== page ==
Two legislative committee chairmen closed the door on remote public testimony last week, limiting who can participate in the lawmaking process.
Committee hearings are the only public opportunity to testify or otherwise formally weigh in on proposed legislation. Stakeholders can also call or email lawmakers directly, but such correspondence is not public record. Committee chairs must balance legislative deadlines with ample public input.
Senate Education Committee Chairman Sen. Charles Scott (R-Casper) and House Minerals, Business and Economic Development Chairman Rep. Donald Burkhart (R-Rawlins) have chosen to strike such a balance in their respective committees by limiting testimony, in most cases, to those who can travel to Cheyenne, in person, often on short notice.
Lawmakers understand in-person testimony better, according to Scott, who also has concerns about the internet expanding testimony to an unmanageable volume and impeding the constitutionally time-limited process. Burkhart said he worries about technical challenges, like getting microphones and cameras working properly, slowing things down.
At least one non-partisan, good-governance group disagrees.
“There are technical aspects and time management issues that come with including remote testimony,” Jenn Lowe, executive director of the Equality State Policy Center, wrote in a letter to the Management Council on Monday. “But the benefit of greater public participation merits the effort.” In its letter, ESPC requested the council consider requiring committees to make remote testimony available to virtual participants while retaining the chair’s right to set time limits and registration deadlines.
“With these sideboards in place, allowing virtual testimony will continue to allow for greater public participation and debate,” Lowe wrote.
Committee chairs have a lot of discretion. No Senate or House rules dictate length or quality of public testimony at committee meetings — hence Scott and Burkhart’s authority to rule out remote public testimony.
Both chairmen, however, said they would be willing to make some exceptions. Burkhart, for example, allowed Kemmerer’s mayor to testify remotely last week when winter weather made the roads impassable.
“Those are extenuating circumstances and I’m always willing to listen to extenuating circumstances,” Burkhart told WyoFile. Continued exceptions would be made but “within reason,” he said.
“People get into this approach of ‘I don’t want to go out of my way, but I want my voice heard.’ Well, put some effort into it,” Burkhart said.
Public interest in the Legislature has grown, Scott — the longest serving lawmaker in Wyoming history — previously told WyoFile. Some restraint is needed if Wyoming is going to retain its citizen Legislature, Scott said. If lawmakers have to meet more frequently or for longer periods of time, Scott said, the body may have to move to a more full-time, professional setup — a structure that could prevent some from serving.
“I’d just as soon discourage it,” Scott said.
The Legislature has benefited from additional public testimony made possible by Zoom in recent years, according to Sen. Chris Rothfuss (D-Laramie). At the same time, he doesn’t think the Legislature has the policy quite right.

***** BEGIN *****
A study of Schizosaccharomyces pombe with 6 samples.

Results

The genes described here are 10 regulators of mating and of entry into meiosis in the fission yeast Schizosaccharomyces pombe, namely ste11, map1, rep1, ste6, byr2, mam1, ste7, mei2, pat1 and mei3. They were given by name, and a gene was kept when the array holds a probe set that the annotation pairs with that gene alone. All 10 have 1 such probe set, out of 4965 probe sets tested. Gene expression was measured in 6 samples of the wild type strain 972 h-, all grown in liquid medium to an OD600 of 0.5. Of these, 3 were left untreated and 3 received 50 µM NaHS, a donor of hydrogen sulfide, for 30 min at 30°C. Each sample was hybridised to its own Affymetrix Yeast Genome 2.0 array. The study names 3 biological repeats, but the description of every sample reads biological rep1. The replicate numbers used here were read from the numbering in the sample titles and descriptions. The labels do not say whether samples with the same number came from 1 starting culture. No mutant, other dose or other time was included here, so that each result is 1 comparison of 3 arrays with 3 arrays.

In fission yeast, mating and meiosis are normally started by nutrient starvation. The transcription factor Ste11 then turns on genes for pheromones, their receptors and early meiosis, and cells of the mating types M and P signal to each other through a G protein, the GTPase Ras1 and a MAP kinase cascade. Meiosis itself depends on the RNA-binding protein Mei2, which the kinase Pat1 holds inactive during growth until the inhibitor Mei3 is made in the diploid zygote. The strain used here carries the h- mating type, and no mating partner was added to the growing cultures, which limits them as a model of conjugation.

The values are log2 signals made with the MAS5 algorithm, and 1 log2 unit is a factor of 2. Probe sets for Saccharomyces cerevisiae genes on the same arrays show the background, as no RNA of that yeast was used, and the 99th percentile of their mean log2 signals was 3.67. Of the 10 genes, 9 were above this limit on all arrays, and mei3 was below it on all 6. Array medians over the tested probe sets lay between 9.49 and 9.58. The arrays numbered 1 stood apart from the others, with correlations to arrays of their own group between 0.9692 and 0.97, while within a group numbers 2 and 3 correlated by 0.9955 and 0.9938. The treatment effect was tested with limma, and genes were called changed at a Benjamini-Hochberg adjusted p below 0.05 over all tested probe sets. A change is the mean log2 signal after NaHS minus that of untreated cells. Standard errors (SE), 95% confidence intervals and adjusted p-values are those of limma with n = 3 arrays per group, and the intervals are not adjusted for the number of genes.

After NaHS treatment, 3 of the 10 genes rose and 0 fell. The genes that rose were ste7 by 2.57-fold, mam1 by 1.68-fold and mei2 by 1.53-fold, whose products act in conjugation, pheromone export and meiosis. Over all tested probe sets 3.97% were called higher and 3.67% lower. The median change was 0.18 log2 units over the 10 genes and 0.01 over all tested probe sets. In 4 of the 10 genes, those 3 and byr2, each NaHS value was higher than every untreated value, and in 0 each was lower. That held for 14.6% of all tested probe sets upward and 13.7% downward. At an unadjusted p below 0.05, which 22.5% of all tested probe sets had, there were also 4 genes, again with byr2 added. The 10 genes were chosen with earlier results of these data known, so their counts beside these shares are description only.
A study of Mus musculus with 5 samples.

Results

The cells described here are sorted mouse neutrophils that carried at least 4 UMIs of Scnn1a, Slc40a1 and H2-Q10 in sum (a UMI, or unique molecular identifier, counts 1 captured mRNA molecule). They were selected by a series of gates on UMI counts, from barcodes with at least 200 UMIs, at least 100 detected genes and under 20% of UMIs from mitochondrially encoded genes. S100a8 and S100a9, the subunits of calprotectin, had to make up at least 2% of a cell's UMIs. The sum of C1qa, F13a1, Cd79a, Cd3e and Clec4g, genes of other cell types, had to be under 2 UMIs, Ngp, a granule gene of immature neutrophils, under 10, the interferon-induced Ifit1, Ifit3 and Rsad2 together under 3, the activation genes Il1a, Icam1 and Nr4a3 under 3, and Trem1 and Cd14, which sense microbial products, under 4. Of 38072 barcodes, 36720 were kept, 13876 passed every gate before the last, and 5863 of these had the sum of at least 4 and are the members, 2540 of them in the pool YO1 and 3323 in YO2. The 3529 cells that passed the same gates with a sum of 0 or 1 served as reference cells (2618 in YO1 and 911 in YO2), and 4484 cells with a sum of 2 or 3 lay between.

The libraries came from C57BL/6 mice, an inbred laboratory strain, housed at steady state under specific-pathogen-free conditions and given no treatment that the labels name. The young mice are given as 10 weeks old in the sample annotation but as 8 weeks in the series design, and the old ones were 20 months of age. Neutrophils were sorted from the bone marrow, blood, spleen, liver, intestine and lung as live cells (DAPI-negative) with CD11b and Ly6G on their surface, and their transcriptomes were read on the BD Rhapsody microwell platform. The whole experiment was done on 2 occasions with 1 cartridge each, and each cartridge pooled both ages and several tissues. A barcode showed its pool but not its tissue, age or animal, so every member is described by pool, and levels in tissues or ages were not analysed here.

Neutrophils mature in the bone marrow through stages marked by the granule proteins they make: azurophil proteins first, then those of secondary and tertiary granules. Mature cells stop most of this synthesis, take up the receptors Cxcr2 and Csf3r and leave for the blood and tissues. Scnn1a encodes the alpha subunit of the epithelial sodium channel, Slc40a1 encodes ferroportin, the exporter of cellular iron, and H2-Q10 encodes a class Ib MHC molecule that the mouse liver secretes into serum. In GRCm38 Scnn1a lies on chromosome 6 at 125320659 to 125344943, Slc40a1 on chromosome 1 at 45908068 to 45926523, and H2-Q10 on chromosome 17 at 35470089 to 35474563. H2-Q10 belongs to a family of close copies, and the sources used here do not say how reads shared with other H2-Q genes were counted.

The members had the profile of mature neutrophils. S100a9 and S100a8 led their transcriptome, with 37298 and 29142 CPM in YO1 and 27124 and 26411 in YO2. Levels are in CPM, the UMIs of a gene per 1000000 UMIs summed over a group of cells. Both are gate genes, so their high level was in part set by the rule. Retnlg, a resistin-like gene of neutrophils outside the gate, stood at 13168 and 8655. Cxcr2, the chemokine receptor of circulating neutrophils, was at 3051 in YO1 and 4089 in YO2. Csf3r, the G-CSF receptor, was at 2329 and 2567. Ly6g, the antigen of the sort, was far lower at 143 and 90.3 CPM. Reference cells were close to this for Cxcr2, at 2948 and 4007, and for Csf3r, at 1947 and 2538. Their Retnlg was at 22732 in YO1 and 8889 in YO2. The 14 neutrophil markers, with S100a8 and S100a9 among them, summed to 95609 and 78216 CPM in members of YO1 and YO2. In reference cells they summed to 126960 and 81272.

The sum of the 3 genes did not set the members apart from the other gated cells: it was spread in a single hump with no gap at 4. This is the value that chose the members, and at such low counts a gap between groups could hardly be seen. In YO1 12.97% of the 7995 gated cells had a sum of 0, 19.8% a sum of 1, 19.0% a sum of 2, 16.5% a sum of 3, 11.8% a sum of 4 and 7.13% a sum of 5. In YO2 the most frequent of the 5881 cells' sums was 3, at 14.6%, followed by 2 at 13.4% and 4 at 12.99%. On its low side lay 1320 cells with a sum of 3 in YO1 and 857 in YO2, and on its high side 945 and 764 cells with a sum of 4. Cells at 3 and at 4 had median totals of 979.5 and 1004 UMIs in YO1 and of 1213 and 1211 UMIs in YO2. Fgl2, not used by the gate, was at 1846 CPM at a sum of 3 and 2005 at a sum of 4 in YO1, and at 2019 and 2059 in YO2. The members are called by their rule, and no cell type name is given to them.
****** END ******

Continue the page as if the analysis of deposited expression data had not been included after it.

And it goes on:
“I can say that we have had many occasions where professional lobbyists sat in Washington, D.C. and Zoomed in and told us their line and probably billed hourly in doing so,” Rothfuss said.
Meanwhile, committees don’t always hear from the most directly-impacted stakeholders, Rothfuss said. Take the education committee, for example, which Rothfuss has been a member of since 2011. The committee hears from superintendents and administrators but rarely from teachers, according to Rothfuss.
“Why is that? Because they’re working. They’re teaching the students and the only way they could be here is that they literally took a day off, and the district paid for a sub so that somebody could come here and provide us with testimony as we’re deciding the fate of the schools in the state.”
Remote participation provides a way for teachers to take a couple of minutes out of their day to testify, Rothfuss said. Meanwhile, other committees may better access expert testimony that isn’t confined to Wyoming, such as the Select Committee on Blockchain, Financial Technology and Digital Innovation Technology.
“I think there’s a lot you can do to balance those interests and make sure that we’re hearing from the people that need to be heard from and maybe limiting the folks that don’t have as much at stake,” Rothfuss said.
Remote testimony has been available, if limited, in Wyoming for years, via remote conference sites like those in Pinedale High School and the Veterans’ Home of Wyoming in Buffalo.
In 2020, however, the COVID-19 pandemic inadvertently popularized and normalized remote participation. Now, with an internet connection and a Zoom account anyone can testify. The Equality State Policy Center would like legislative leadership to protect that ability with new rules.
“My friends in Star Valley would have to spend considerable time and money traveling to testify before a committee for a few minutes if they were able to leave their job for at least two days,” Lowe wrote.
This year’s window to guarantee remote access is tight, however. The Legislature must adopt any new rules by the close of the fifth day of the session, which falls on Monday. If it doesn’t meet that deadline, Lowe said, she hopes remote participation will become an interim topic.
“At the end of the day, we want as many people as possible to participate in the legislative process,” Lowe said. “It’s the 21st century, we can’t put the virtual cat back in the bag.”